Snorkel Bob’s Reef Etiquette
by Snorkel Bob, Himself
NOTE: These directives are not meant as safety tips but rather as rules to live by in these difficult times of critical mass. See Snorkel Bob’s Snorkel Safety Tips for specific rules on water safety.
1) Don’t touch coral with your fingers, elbows, knees, butt or fins. Each tiny polyp is a delicate animal too fragile for human touching.
2) Don’t stand or walk on coral. Adjust your mask strap before entering the water. Be aware of your fins at all times. If you can’t move without kicking coral, you shouldn’t be there.
3) Picking up trash is nice. Picking up plastic is critical. Most sea turtles mistake plastic bags for jellyfish. Some try to eat them and choke.
4) Remove monofilament line and net from the beach and water. Turtles and others get tangled and drown. Snorkel reefs are often fished. If you see snagged monofilament line, pull it out gently, put it in your pocket and carry it to a trash can.
5) Do not feed fish or any marine life. This disrupts the natural marine balance, teaching the ocean critters to beg rather than fill their natural roles. NOTE: Every dive/snorkel shop in Hawaii knows about #5. Some still sell fishfood. Boycott those places, and tell them the error of their ways.
6) Do not use sunscreen in the water. It washes off and kills coral polyps. Consider a Sunblock T (or sleeveless) for upper-body UV protection and a swim cap for scalp UV protection.
7) Do not touch or pursue sea turtles. Hawaii turtles are returning after decades of killing. Human contact may alter normal turtle behavior & compromise wariness. We still have poachers. NOTE: Pursuing or touching a turtle may lead to citation, court appearance, fine and/or custody.
8) Blow the whistle. If you see someone maiming fish, riding or touching turtles or fishing in a preserve, call NOAA Fisheries Enforcement at (808) 725-6100.
9) Many green sea turtles show the fibropapilloma (FP) virus with white tumors, usually on the eyes, mouth or flippers. Do not come into contact. Report dead, sick or stranded turtles to NOAA at (808) 725-5730.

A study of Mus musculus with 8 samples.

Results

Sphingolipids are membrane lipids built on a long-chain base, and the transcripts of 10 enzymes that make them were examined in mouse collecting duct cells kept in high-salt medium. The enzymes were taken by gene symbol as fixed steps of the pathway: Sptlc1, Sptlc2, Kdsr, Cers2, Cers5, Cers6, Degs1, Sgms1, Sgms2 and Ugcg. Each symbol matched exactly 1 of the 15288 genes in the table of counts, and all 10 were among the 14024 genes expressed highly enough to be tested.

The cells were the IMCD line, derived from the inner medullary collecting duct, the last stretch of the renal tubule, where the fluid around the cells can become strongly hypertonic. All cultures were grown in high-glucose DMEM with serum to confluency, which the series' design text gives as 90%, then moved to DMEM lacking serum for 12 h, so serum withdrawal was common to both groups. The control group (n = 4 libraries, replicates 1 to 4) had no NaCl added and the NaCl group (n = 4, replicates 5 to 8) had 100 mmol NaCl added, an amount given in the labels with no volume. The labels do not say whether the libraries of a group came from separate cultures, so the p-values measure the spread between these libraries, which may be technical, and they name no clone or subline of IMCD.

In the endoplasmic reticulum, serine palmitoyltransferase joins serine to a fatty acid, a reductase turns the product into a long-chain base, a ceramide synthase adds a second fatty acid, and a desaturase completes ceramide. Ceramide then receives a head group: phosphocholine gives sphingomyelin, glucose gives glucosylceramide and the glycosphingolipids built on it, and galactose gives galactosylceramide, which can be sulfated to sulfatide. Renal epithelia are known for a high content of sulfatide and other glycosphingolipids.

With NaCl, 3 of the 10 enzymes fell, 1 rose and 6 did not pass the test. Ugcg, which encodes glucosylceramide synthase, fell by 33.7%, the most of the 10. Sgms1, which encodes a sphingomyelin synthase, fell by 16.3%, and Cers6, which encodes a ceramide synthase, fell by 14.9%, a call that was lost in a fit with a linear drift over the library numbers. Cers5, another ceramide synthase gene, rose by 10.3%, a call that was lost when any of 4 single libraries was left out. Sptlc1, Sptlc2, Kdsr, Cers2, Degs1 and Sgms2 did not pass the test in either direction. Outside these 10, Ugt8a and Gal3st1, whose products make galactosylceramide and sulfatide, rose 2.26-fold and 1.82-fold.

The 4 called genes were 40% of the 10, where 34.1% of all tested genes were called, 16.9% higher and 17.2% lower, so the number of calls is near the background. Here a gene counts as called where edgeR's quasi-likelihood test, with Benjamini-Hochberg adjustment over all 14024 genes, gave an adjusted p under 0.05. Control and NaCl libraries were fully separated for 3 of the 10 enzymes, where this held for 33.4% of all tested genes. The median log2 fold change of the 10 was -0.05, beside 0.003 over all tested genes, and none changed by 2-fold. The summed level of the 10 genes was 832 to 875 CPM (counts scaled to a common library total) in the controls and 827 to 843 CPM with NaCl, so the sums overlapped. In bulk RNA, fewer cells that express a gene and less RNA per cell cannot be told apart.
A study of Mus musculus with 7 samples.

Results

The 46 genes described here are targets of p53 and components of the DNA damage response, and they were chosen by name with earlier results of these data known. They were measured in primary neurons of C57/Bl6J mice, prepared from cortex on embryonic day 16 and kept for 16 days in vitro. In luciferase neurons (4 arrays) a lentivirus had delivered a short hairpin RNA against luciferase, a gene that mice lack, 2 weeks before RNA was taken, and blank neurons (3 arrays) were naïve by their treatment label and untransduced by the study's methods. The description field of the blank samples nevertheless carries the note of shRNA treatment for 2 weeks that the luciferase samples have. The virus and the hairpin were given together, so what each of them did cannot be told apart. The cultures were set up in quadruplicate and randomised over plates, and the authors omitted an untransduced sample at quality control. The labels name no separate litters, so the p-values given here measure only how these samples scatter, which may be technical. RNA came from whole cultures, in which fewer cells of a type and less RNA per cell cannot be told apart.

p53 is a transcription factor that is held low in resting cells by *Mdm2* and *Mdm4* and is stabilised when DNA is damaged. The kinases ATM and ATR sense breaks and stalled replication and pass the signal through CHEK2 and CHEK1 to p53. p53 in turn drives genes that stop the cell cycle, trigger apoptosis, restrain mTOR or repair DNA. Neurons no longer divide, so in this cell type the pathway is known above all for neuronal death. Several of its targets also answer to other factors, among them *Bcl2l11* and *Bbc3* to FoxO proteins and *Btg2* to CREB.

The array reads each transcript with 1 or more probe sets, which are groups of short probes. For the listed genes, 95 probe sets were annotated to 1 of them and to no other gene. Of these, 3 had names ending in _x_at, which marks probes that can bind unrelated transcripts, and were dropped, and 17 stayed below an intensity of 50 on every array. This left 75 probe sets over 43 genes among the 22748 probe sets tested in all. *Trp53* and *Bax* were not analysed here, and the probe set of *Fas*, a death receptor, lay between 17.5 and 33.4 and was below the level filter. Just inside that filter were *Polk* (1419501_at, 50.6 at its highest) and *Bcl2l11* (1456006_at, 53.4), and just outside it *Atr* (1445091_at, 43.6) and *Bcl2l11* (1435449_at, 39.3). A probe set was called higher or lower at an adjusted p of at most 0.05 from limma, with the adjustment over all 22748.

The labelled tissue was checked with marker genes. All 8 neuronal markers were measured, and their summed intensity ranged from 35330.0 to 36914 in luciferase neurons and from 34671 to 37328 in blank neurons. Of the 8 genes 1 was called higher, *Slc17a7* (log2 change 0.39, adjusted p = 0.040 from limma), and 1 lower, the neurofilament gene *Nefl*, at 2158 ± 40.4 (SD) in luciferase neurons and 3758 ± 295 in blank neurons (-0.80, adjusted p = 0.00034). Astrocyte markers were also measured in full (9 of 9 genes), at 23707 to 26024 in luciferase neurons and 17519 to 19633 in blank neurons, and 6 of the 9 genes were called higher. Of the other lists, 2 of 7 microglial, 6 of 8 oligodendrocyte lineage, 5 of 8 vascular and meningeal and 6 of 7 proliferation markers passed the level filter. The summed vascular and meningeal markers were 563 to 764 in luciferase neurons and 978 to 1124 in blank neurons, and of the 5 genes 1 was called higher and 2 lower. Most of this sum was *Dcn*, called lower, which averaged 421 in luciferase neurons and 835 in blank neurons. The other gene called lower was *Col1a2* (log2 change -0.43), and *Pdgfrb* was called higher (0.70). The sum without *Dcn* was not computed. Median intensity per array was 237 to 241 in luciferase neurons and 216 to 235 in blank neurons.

10) Don’t buy coral or seashells. All perfect shells were taken live, killed for human amusement. Please advise seashell vendors to stop. AVOID freeze-dried puffer fish or sea horses. This crime against nature cannot continue.
11) Love our reefs. Regular snorkeling teaches reef health and fish count. Watch for brown or green algae or indications of pollution. Report deterioration to any Snorkel Bob’s in Hawaii or to www.snorkelbob.com .
12) If you see an aquarium in a waiting room, office or restaurant, have a chat with management. Ask friends with home aquariums not to replace the fish in their tanks.
13) Report any act of reef defense, down to assistance of a single, gill-breathing individual, to The Snorkel Bob Foundation at www.snorkelbob.com .
14) Don’t eat turtles, even if it was your heritage. The FP virus in many Hawaii turtles may be linked to human std (sexually transmitted disease). Eating turtle may infect you for life. KILLING A SEA TURTLE IS PUNISHABLE BY A $25,000 FINE & A PRISON TERM, but hardly more than a year or 2.
15) Don’t eat reef fish. Many toxins are karmically transmitted, including the ciguatera neurotoxin that inhibits a pulmonary enzyme in humans, causing death by asphyxiation, but not right away. It takes a while, and it itches. Have a nice day. I mean, really. Who but the ogre under the bridge could see a little yellow tang, a wrasse or damsel or angel and think of bread crumbs or a light meuniere sauce?
16) Assume stewardship of the reefs. All humans on Planet E can claim a cultural heritage to our reef. Each reef is a community, with social order, home boundaries & family groups. Spearguns should not be used among snorkelers. If you feel threatened, call 911. Slurpguns are not allowed on most reefs. Slurpgun harvesting supports the retail pet industry. It deprives individuals of their God-given right to life, liberty & the pursuit of happiness. Slurpgunning is not sustainable & on most reefs not allowed. Report slurpgun violations to NOAA Fisheries Enforcement on Oahu (808) 725-6100. All reefs are one reef. All reefs are under extreme pressure from humans. Help save our reef.